How to Talk to Your Kids About the Dress Code: Part II

by Tori Nevel, intern at WISE, Lebanon, NH 

Anyone with young people in their lives is likely to face challenges in supporting their kids in making choices about their appearance. School dress codes are established with the assumed intention that they will foster appropriate decision making around clothing choices. Unfortunately, dress codes often perpetuate the sexualization of girl’s bodies. If you haven’t had a chance to read Part I (see below) of this series, we recommend that you do. Part II is picking up right where we left off, with more pitfalls and conversation starters around dress codes.

  1. It might be a lesson in focusing on people’s thoughts and actions, not appearance

Disregarding people because of how they look is not only a disservice to them, but also to you and all you may have missed from getting to know others. Encourage your child to get to know people and what they can learn from them, rather than judging a book by its cover.

  1. It might be an opportunity to talk to your son

Oftentimes, dress codes are both written, and enforced much differently for boys and girls.  While girls are sent home or humiliated for showing too much shoulder, what about boys wearing shirts saying “cool story babe, now go make me a sandwich” or “if you can read this you should get back in the kitchen” (both seen in my high school, both allowed to remain in class).  Hold your son to the same standards as your daughters in terms of the presence they have in school, and make sure he’s not wearing clothes that are rude or devaluing others.

While boys may be viewed as funny for breaking the dress code, girls have their moral integrity questioned. I’ve heard a lot of people say that girls are “sexualizing themselves.” But we know that some people treat women like sexual objects no matter what they’re wearing. I’ve see women who are completely covered from head to toe being catcalled. A girl in my middle school class was the target of jokes simply because she hit puberty before others, which she had no control over. In Henry County, Georgia, a mother was told that a skort with tights underneath was “too sexual.” Her daughter was in kindergarten and only 6 years old. There is clearly a problem when we believe that 6-year-old girls can be sexual, when we sexualize female bodies to such an extent that they cease to be children. So teach boys (and girls) that girls are not sexual objects that need to be covered up, or that people’s appearance is more important than their humanity. Teach boys to respect and appreciate women’s accomplishments. Stop saying “boys will be boys” and guide your children as they develop self-control, empathy, and compassion.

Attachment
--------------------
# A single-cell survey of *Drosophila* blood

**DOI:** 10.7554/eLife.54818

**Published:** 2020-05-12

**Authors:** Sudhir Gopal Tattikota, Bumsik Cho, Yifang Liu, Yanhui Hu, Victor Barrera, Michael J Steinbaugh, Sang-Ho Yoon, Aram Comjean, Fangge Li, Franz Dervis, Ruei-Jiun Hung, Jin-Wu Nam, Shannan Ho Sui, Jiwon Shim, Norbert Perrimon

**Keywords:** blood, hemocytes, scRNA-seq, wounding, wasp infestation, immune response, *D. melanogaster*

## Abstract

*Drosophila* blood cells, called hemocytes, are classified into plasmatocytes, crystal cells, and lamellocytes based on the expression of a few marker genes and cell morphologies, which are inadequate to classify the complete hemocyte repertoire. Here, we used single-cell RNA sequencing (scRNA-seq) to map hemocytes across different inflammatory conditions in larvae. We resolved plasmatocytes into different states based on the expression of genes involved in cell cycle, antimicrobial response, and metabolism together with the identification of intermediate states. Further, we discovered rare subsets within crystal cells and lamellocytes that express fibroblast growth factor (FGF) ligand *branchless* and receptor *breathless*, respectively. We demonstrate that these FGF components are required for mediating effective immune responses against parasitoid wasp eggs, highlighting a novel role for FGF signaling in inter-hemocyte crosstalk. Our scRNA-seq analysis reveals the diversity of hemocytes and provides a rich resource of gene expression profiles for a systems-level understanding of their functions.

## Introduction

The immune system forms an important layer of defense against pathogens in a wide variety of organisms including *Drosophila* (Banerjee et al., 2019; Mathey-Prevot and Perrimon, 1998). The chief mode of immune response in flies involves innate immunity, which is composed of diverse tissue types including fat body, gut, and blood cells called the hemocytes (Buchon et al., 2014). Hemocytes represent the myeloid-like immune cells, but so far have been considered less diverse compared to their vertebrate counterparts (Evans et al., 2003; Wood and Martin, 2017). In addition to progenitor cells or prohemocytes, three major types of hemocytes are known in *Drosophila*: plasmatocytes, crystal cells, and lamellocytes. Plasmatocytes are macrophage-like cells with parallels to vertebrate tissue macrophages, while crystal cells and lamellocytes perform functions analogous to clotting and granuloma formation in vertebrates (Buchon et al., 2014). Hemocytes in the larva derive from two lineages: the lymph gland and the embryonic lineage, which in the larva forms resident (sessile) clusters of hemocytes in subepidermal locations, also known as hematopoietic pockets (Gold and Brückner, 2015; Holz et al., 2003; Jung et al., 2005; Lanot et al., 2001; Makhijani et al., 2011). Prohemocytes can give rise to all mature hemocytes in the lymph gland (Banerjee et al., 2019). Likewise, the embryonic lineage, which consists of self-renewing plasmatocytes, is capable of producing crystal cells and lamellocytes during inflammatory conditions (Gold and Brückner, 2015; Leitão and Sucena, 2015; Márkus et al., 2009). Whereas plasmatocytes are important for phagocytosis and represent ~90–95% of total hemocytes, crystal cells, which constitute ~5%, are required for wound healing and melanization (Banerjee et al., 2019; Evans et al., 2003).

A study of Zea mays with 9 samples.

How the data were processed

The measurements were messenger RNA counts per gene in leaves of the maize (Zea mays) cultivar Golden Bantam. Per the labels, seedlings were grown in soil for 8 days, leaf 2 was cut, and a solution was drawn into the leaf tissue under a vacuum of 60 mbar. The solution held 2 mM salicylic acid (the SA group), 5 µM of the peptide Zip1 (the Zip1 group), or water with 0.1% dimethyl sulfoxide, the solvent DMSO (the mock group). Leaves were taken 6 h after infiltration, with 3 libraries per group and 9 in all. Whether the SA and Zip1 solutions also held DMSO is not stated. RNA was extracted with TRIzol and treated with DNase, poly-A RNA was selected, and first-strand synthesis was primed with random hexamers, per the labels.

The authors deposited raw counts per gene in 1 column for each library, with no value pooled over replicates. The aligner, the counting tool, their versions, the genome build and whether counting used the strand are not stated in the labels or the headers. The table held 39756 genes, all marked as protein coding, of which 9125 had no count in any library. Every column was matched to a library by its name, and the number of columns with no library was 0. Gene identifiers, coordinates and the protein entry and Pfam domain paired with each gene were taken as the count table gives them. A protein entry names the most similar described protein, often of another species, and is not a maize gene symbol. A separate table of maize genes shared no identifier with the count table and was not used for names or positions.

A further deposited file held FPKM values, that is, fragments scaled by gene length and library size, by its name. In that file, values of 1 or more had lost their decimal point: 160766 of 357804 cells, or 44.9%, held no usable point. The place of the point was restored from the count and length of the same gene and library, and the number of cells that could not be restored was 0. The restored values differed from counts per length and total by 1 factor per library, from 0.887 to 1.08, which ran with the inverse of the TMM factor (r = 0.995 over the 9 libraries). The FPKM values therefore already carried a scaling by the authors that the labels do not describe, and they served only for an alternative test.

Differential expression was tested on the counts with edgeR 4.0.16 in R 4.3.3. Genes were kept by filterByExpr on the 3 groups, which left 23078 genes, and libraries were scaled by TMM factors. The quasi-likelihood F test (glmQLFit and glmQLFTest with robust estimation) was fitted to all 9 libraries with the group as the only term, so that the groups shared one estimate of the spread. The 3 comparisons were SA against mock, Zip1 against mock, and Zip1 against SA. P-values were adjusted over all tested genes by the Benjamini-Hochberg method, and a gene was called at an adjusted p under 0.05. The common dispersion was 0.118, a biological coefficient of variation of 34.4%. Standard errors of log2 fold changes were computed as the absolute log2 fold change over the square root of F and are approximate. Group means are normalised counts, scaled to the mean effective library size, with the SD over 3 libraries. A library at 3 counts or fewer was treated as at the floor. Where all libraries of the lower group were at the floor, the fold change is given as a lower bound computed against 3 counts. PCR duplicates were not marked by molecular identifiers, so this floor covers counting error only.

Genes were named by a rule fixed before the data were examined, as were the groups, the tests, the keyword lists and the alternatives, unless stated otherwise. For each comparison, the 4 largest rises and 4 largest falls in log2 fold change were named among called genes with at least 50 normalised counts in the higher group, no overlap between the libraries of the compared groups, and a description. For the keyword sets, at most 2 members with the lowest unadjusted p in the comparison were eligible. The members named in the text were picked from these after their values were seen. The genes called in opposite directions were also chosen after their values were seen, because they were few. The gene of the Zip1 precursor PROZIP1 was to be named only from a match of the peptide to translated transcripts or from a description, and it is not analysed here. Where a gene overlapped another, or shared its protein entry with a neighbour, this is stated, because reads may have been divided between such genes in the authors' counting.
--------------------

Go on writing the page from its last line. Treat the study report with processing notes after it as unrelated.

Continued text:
1. It might be an opportunity for action

Is your child attending a school or atmosphere that judges people unfairly based on how they look? Is your child angry about it? Help them channel that frustration into action that could help influence policy and create change. What an amazing opportunity to use their strategies, social media, and influence to make the world a more just place to be.

  1. It is time to lead by example

It’s pretty self-explanatory. There’s nothing angsty teens (or adults, for that matter) love to hate more than hypocrisy from their parents, so do what you say. Don’t make comments shaming other girls or women for what they wear, especially in the media. Instead, focus on these women’s accomplishments so that your kids can see that a woman is worth more than her outfit. Don’t talk about boys as thugs for having their pants further down than you’d be comfortable with, smile and wave and go about your day.

  1. It is important to Listen

Your children may very well have a very good reason to complain about dress code and/or the way they are being treated based on their appearance. It is important to listen and believe them. Sometimes they wear leggings because they are much more comfortable than skinny jeans, sometimes they wear shorts because their school is 90°F without A/C in mid-June, sometimes they are dressing like what they see on TV or among their peers because they want to fit in, sometimes they are being unfairly targeted by school administrators because of their body type – sometimes dress codes are unfair. Be willing to listen to and strategize solutions with your child.